What Are The Different Types Of Whole Life Insurance?

What Are The Different Types Of Whole Life Insurance?

Whole life is a type of life insurance that lasts for the policy holder’s entire lifespan as long as the premiums are paid on time. Most insurance companies require the potential policy holder to undergo a medical exam before coverage is given. The longer the individual pays the premium, the more the cash value is built. If the premium payments are discontinued, and the policy lapses, the policy holder will lose their insurance; some plans may still allow the individual to have the cash value.

Whole life insurance can be categorized into three subtypes: traditional, interest sensitive and single premium. Usually, each type carries an unchanging death benefit and premium unless the policy holder decides to increase or decrease coverage. A policy’s cash value will depend on the subtype; however, whole life insurance is not considered income unless the individual withdraws money from the policy.

Traditional Whole Life

Traditional whole life carries the least risk. This type of whole life insurance is well-suited for those who want a fixed and specific minimum cash value in which to invest. Monthly premiums must be paid on traditional whole life insurance. However, premium payments can be taken from the policy’s cash value if the policy has accumulated a high cash value. This benefit allows the policy holder to make payments if they run into financial trouble. As long as the policy has cash value, the premiums can still be paid.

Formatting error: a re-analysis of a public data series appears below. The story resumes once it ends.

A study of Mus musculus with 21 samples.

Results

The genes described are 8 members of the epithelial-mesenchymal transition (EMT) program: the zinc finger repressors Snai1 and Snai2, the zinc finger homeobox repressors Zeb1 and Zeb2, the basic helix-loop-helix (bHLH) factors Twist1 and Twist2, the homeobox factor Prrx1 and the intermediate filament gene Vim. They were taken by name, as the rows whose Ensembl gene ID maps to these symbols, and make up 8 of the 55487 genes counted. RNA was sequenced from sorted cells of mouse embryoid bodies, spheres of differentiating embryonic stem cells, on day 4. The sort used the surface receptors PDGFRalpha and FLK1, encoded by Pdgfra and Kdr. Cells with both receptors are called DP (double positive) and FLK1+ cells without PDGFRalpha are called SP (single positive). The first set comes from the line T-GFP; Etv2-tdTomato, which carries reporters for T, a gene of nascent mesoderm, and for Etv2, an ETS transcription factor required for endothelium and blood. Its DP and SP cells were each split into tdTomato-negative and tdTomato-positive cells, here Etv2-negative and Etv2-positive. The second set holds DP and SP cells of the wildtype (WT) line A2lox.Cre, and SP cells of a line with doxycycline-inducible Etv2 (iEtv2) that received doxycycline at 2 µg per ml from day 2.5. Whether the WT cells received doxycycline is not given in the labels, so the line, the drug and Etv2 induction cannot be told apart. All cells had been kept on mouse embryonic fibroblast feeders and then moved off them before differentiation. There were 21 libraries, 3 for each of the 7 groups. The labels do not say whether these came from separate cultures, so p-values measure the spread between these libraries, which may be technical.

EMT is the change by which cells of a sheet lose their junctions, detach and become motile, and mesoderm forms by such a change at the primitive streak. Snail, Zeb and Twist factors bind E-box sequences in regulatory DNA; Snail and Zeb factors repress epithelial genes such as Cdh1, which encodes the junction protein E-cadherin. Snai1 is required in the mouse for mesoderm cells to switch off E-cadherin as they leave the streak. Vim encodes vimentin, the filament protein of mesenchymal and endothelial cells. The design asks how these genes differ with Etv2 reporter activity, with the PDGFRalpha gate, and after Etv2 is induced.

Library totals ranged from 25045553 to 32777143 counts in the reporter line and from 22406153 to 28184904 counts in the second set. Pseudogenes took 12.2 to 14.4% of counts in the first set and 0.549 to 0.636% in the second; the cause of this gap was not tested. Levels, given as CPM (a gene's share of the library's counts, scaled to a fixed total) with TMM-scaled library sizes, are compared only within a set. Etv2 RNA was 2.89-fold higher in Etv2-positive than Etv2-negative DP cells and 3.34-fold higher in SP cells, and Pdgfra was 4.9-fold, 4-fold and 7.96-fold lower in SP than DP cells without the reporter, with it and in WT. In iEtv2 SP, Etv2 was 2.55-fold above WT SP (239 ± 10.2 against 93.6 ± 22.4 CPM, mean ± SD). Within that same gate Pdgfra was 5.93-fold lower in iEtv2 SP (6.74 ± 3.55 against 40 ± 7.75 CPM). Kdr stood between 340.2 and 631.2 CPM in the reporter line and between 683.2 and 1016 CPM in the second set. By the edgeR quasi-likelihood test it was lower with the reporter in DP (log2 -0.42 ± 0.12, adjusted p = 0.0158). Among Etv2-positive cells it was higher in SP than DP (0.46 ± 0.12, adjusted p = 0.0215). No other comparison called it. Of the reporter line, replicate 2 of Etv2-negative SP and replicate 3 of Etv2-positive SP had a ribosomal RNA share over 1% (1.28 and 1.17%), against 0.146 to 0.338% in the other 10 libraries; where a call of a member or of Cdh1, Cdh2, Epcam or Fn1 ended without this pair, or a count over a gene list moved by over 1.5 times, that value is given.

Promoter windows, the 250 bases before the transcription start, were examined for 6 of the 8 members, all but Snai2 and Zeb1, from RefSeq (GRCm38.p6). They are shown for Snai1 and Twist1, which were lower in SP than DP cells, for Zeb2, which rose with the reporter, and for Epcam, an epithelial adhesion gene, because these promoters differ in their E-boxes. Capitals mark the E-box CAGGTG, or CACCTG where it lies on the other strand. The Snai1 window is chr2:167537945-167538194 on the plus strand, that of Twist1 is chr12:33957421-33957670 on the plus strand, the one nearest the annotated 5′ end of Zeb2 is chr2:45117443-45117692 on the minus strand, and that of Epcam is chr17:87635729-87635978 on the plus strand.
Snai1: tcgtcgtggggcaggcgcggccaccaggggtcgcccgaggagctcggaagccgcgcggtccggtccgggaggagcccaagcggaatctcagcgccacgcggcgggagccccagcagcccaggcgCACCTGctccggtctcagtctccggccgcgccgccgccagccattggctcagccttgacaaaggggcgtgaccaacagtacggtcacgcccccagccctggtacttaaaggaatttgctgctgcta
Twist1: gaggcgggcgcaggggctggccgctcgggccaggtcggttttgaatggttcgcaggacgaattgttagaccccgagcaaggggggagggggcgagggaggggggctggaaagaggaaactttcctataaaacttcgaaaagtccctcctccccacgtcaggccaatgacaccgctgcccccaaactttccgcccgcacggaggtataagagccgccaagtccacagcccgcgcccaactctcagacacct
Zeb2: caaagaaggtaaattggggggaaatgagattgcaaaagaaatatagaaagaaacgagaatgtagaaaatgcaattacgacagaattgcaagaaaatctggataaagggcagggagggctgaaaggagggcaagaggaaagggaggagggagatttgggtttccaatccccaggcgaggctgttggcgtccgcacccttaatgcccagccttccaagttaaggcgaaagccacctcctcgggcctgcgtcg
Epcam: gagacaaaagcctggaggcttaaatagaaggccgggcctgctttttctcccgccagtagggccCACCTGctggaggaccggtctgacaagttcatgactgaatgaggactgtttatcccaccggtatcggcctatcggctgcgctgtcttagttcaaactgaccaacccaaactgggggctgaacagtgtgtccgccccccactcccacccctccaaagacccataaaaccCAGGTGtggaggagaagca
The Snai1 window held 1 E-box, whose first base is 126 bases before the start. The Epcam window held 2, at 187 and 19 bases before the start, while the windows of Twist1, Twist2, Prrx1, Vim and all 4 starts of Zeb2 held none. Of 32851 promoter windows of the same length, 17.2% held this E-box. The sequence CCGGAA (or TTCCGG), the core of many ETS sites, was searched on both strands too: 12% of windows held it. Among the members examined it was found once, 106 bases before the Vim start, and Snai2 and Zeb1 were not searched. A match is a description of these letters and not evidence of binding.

Interest-Sensitive Whole Life

Unlike the cash value of traditional whole life, the cash value of interest-sensitive whole life insurance will fluctuate according to the current market’s interest rate. In essence, interest-sensitive whole life has varying interest rates like some credit cards and home mortgages. Because of the varying interest rates, this kind of whole life insurance is considered more risky that traditional whole life insurance.

Single-Premium Whole Life

Out of all three subtypes of whole life insurance, single-premium policies are the most expensive. The holder of a single-premium policy is expected to pay the entire amount in one lump sum. Upon the initial investment, the policy will receive interest, allowing the cash value to increase immediately. Regardless, single-premium whole life policies are not comparable to investments like 401(k)s and IRAs.

No matter the type of whole life insurance, the policy holder will receive tax benefits because the actual cash value cannot be taxed until it is used. Potential policy holders need to keep in mind that only part of the premium is converted into a cash value; the amount allocated to the cash value varies depending on the plan. Financial experts conclude that whole life insurance policies are best for people who prefer less risky investments that do not involve asset conversions.